Employment Report Disappoints but Probably Won’t Delay Federal Reserve’s Tapering Plan

The September employment report disappointed analysts; will it also complicate the Federal Reserve’s plan to begin withdrawing the monetary support that has cushioned the economy throughout the pandemic?


Employers added only 98,000 jobs in March, falling far short of the 200,000-plus mark they had registered in January and February and missing the consensus forecast that called for gains close to that level. Despite the stumble, the unemployment rate fell to 4.5 percent from 4.7 percent and wages ticked up, suggesting to many analysts, that the employment market remains strong despite the weakest report in nearly a year.

Many blamed unseasonably warm weather in January and February for inflating the statistics for those months. “This is mostly just weather-related noise,” Paul Ashworth, an economist with Capital Economics, told the Wall Street Journal. “There was always going to be some payback in March, when the weather snapped back to seasonal norms,” he added.

Gus Faucher, an analyst with PNC Financial Services Group, quoted in the same Journal article, echoed that view. Even with the March dip, he noted, employment gains are still running close to last year’s healthy pace. Combined with other positive indicators (especially wage growth and labor market participation), he predicts the Fed will probably view the weak March figure as “an aberration,” and not an argument for scaling back its interest rate plans.

Housing Outlook Dims

Consumer confidence is among the positive indicators that analysts think will keep the Fed on its current policy-making course. The Conference Board’s confidence index hit its highest level in 16 years in March, as consumers reported strongly positive views of current business and labor market conditions, the short-term employment outlook and their personal income prospects.

But they appear to be decidedly less optimistic about the housing outlook. Fannie Mae’s Home Purchase Sentiment Index fell by nearly 4 percent in March after reaching an all-time high in February, as the number of buyers rating this “a good time to buy” declined by 10 percentage points. On the other hand, the number of homeowners who think this is a good time to sell increased by 9 percent, reflecting what Doug Duncan, Fannie’s chief economist, described as the “double-edged sword” of rising home prices ― a boon for sellers, but an increasing affordability drag for buyers coping with the double-whammy of rising prices and rising interest rates.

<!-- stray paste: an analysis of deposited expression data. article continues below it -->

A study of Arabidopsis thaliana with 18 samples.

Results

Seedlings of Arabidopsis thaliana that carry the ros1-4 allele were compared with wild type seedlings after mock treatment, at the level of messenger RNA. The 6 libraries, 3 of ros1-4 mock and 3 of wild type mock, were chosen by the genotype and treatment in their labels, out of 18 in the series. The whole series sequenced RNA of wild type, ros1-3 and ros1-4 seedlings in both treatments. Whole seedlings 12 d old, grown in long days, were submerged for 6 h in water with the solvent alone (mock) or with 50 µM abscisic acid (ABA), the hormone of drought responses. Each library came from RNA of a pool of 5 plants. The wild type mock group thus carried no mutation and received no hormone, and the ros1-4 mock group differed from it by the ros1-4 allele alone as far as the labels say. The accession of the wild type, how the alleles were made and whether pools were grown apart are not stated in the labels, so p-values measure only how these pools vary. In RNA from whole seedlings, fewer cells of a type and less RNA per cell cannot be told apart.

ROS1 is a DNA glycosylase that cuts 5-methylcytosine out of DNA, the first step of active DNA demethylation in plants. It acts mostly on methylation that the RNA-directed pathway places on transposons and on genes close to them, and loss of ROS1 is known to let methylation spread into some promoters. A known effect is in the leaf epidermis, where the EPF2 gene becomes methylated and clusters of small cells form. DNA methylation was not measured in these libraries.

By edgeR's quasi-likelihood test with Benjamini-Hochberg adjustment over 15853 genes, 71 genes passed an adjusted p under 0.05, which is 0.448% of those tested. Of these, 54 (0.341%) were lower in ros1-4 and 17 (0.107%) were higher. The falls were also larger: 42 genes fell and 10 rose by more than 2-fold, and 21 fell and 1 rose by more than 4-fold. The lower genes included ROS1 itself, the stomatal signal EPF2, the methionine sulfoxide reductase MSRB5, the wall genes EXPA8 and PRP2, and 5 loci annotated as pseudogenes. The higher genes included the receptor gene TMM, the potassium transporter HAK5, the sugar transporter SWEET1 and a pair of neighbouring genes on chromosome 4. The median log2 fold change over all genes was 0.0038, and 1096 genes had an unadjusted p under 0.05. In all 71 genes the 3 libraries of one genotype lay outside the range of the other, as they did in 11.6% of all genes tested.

Duncan thinks the housing market could get a boost later this spring, however. He suggests that more sellers, looking to capitalize on higher prices, may list their homes for sale, increasing anemic inventories, while reluctant buyers may decide to act for fear that rates and prices will continue to rise.

Inventory Mismatch

There aren’t many signs of that anticipated market boost thus far. On the contrary, a recent Wall Street Journal article predicts that this spring selling season will be “the toughest for buyers in a decade.” Although demand has been strong, the article notes, inventory levels remain near 20-year lows. The big problem, analysts agree, is not just that listings are scarce, but that the available supply is skewed, with an excess of “luxury” properties at the high end, where demand is slack, and a shortage of entry-level and trade-up properties at the low end, where demand is strong.

A Trulia survey analyzed inventory distribution in the 100 largest metropolitan areas between 2012 and 2017. It found that the number of starter and trade-up homes available for sale declined by8.7 percent and 7.9 percent, respectively, compared with a decline of only 1.7 percent for premium homes.

"The homes most buyers are in the market for are unfortunately the most difficult to find and ultimately buy,” Lawrence Yun, chief economist of the National Association of Realtors (NAR), observed. Limited supply in the “affordable” price range, he added, “continues to be the pest that's pushing up price growth and pressuring the budgets of prospective buyers."

Home prices have been rising steadily and show no sign of reversing that trajectory. The S&P CoreLogic Case-Shiller price index reached a 3-month high in January, beginning the year nearly 6 percent higher than a year ago, and taking a bite out of home sales.

Mixed Housing Stats

Existing sales fell more than expected in February, declining by 3.7 percent to a seasonally adjusted annual rate of 5.48 million units. Analysts had predicted that sales would fall by only 2 percent from January, when sales reached the highest level in nearly a decade.

Pending sales, on the other hand, rebounded sharply in February after pretty much tanking in January, reaching their second-highest level in almost a decade and providing hope that sales will be stronger this year than many analysts are predicting.

New home sales also improved in February, increasing by more than 6 percent compared with a dismal January performance. The annualized rate of nearly 600,000 units represented the second-strongest performance for new homes since the housing market recovery began five years ago.

Single-family construction activity also increased in February, as did permitting levels, a marker for future construction, which reached an annualized rate of 832,000 units – the highest level since September of 2007.

Prospective buyers should be encouraged by those statistics, Ralph McLaughlin, chief economist at Trulia, told USA Today, because they indicate that “a healthy dose of new homes will be available this spring in an otherwise inventory-constrained market.”